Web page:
Global Voltage and Frequency Standards
One of the difficulties of finding the right generator for your business is understanding the different global voltage and frequency standards. Both Thomas Edison and Nikola Tesla had conceptualized optimal voltages and frequencies for direct current (DC) and alternating current (AC) systems, respectively. However, different countries adopted standards at different times and upgraded them differently. This mismatch has created the different voltage and frequency standards that exist across the world today.
Voltage is the pressure pushing charged electrons through a system’s conducting loop. The higher the voltage is, the greater potential energy it has, meaning that it can better power large devices with greater power requirements. With alternating current systems, frequency is another variable that comes into play. Frequency refers to the number of cycles a current will repeat per second in an alternating current system. The standard American voltage and frequency are 120V and 60Hz. This means that the voltage waveform swings between positive 120 and negative 120 volts 60 times per second.
The US adopted this standard early but considered increasing the voltage to gain power with fewer power drops. However, the US decided against this because replacing all electrical appliances was too expensive. Later, after seeing the issues of a lower voltage manifest themselves, the US decided to supply buildings with 240 volts that they split between two 120-volt circuits.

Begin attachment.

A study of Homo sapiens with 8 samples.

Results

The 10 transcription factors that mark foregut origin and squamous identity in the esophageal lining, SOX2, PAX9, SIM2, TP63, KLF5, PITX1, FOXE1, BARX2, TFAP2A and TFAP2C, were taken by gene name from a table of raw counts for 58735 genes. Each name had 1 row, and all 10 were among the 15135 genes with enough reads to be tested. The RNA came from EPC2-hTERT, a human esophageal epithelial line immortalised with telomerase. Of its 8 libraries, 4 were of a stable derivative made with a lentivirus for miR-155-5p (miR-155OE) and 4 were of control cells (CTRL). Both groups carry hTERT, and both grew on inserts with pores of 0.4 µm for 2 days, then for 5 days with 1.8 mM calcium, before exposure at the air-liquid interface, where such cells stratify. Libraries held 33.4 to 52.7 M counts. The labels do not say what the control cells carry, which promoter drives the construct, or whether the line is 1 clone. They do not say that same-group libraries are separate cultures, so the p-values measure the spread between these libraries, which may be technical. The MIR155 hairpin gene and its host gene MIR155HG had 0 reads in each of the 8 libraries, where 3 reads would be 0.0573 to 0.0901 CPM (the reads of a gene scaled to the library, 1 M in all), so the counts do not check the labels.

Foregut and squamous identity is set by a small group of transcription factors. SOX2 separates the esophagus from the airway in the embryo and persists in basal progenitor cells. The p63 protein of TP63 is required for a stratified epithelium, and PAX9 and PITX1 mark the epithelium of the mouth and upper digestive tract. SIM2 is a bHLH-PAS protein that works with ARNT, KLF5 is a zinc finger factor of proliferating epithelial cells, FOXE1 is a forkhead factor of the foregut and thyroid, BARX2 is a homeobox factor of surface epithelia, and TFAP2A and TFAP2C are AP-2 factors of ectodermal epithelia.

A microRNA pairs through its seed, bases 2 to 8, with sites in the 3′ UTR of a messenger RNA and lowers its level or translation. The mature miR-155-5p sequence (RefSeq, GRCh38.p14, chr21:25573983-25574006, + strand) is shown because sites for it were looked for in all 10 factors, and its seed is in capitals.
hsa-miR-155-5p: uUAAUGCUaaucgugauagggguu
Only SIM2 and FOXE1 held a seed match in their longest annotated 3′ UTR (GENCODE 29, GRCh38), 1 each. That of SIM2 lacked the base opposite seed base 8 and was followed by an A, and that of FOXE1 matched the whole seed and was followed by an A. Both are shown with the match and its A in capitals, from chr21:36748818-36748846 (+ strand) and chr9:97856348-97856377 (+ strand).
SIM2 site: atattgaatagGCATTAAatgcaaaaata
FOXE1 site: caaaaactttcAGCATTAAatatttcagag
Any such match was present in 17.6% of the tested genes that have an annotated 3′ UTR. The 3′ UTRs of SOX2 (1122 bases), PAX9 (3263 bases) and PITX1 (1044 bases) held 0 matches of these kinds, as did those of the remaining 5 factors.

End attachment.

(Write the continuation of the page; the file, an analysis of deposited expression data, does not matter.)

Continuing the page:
The standard Europe voltage and frequency are closer to 230V and 50Hz. Power requirements pushed European countries to adopt this standard, but it also proved cheaper. The higher voltages required thinner wire, so power companies saved a lot of money using less copper in their power lines. 60 Hz is an optimal frequency, but Europe adopted 50 Hz because it better fits their metric system.
Among global voltage and frequency standards, Australia uses 240V and 50Hz. This Australian voltage and Hz match Europe’s, which makes sense because Australia was a British colony. Across the world, countries like America are the outliers, sharing the same voltage and frequency with other countries like Japan, Brazil, Canada, Liberia, and some other South American countries. It’s tricky to remember, but figuring out voltage and frequency is important when finding a generator. At Turnkey Industries, we know everything there is to know about the voltage and frequencies of our generators, and we can help you get the one that is right for you!